This isn’t another article about the death of third-party cookies.
Cookies are false precision and they always have been. Conversations about cookies and what advertisers are going to do when they’re gone are missing the point. It’s a distraction.
Instead, we should be talking about how we can actually engage consumers now and in the future with relevant, useful advertising. Repeatedly or relentlessly showing ads for the shoes shoppers considered but didn’t purchase is a cookie-driven tactic. It isn’t relevant or useful.
Instead, advertisers need modeled measurement and inference-based methodologies that consider shopping interest, contextual signals and purchase signals – none of which require a cookie.
The real programmatic power: insights
Yes, a demand-side platform is a tool advertisers are using to buy media. But advertisers should be thinking about their DSP with an expanded lens. It’s not just about access to inventory.
Can your DSP help you understand whether your ads worked or didn’t? Is it getting “smarter” with every campaign you run, using machine learning and a breadth of signals to make better decisions in the future? How accurate are the signals your DSP has access to? In what ways are they differentiated? Are those signals predictive for the long term or just the next click?
You should be confident in the answers to those questions.
At Amazon Ads, we place a great deal of emphasis on the insights Amazon DSP provides for our advertisers, not just the inventory we can access. When advertisers run campaigns through Amazon DSP, our technology builds models that help us understand shopping patterns and predict ad performance.
Our vision is to make those insights available to advertisers and reusable for future campaigns, using the billions of signals unique to Amazon, with models getting smarter the more they’re used.
After recent enhancements made to Amazon DSP, brands across verticals saw cost per click decrease by 24.7% – without having to take any action – simply because the algorithm started to better “understand” the relative value of an opportunity to show an ad to an audience based on expected ROAS.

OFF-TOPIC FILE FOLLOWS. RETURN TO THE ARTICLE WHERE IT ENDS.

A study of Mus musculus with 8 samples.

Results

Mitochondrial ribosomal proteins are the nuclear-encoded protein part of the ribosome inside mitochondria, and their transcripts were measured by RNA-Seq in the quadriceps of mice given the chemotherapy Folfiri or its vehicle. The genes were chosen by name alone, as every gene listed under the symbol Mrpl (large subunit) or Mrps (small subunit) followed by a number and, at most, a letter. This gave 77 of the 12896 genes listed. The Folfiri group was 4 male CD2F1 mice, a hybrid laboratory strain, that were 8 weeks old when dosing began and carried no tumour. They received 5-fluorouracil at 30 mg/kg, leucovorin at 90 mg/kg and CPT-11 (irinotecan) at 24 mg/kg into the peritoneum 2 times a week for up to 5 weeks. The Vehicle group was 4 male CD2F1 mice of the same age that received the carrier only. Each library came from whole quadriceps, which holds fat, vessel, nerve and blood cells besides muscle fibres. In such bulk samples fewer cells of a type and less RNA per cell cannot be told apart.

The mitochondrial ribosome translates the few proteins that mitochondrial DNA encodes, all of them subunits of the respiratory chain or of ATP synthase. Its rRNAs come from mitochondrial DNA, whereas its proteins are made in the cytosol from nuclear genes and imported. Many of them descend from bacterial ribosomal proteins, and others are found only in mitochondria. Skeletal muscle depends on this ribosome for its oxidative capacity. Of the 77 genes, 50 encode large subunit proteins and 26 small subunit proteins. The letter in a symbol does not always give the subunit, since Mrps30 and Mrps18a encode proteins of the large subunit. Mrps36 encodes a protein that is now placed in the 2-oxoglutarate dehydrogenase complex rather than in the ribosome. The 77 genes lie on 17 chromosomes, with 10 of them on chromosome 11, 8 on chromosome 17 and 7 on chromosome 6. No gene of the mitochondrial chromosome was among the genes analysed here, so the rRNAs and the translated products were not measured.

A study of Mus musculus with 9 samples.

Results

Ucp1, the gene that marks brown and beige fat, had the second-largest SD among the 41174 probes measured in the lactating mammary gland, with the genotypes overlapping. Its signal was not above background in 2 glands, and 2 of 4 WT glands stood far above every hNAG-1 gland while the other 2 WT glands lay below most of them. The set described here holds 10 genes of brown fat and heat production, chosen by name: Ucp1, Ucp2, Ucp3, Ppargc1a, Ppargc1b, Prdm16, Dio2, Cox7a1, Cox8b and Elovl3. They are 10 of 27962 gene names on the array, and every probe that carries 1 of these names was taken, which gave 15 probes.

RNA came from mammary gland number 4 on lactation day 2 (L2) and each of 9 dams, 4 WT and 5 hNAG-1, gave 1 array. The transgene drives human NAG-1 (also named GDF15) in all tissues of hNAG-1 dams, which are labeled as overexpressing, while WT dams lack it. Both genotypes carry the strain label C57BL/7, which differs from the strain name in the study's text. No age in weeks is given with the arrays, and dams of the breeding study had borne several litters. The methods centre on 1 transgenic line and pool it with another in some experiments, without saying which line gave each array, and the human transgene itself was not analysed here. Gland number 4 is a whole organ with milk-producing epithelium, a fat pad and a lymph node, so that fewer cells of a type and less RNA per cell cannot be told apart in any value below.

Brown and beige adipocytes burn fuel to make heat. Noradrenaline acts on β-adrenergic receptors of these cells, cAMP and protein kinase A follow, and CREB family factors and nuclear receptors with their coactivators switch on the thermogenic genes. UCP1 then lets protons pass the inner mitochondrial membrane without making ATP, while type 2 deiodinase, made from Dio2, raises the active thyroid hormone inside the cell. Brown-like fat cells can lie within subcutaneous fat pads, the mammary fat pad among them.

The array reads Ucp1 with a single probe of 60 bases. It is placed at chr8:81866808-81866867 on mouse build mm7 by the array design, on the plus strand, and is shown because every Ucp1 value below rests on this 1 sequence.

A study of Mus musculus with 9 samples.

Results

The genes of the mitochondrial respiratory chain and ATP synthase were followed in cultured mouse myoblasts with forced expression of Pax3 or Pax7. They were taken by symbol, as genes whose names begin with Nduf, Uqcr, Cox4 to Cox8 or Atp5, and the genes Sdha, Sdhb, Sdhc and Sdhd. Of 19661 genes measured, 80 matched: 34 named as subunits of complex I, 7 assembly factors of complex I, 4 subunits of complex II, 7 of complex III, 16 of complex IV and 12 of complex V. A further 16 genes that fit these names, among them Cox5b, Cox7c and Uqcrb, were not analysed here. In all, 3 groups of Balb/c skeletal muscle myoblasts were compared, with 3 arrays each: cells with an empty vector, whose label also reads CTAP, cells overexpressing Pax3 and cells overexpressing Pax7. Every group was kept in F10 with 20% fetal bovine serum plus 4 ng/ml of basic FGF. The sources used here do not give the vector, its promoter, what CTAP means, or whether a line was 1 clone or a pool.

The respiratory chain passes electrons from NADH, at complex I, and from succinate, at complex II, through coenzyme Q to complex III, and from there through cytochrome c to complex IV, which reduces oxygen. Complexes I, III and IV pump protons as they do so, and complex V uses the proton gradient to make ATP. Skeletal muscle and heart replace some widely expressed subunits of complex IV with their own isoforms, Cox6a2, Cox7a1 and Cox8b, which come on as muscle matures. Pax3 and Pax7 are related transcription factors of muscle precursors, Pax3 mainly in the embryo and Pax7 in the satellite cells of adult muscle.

It’s up to advertisers to help consumers find the things they need or discover the things they didn’t know they needed. We shouldn’t be distracting them. True insights and predictive modeling, not cookies, make this possible.
Old school meets new school
Before the cookie, much of advertising was about understanding how groups of consumers behaved and the products and messaging that would engage them. Think broad demographics, such as “men ages 18-35.”
At Amazon, we’re dedicated to earning and maintaining our customers’ trust, whether they’re brands using our ad products or consumers shopping on Amazon.com. So, when advertisers use Amazon DSP, they can tap into modeling capabilities and audience insights that are unique to Amazon Ads, combine them with their own signals and leverage insights that can’t be found anywhere else – without compromising that trust.
But the new era of advertising should be reminiscent of those early instances of machine learning recommendation on Amazon: that widget at the bottom of a product page that reads, “shoppers who bought this also bought this.”. While this is not an advertising feature, it’s a good example of the direction ad tech is headed: using aggregate signals that are population-based.
Thanks to our measurement capabilities, brands can actually understand how their ad dollars inform and drive shopping behaviors collectively, proving the impact of their efforts. That’s why our advertising approach is a combination of old-school tactics and new-school advertising. We believe brands should be authentically engaging customers and helping them in their shopping journey, instead of mourning the end of cookies.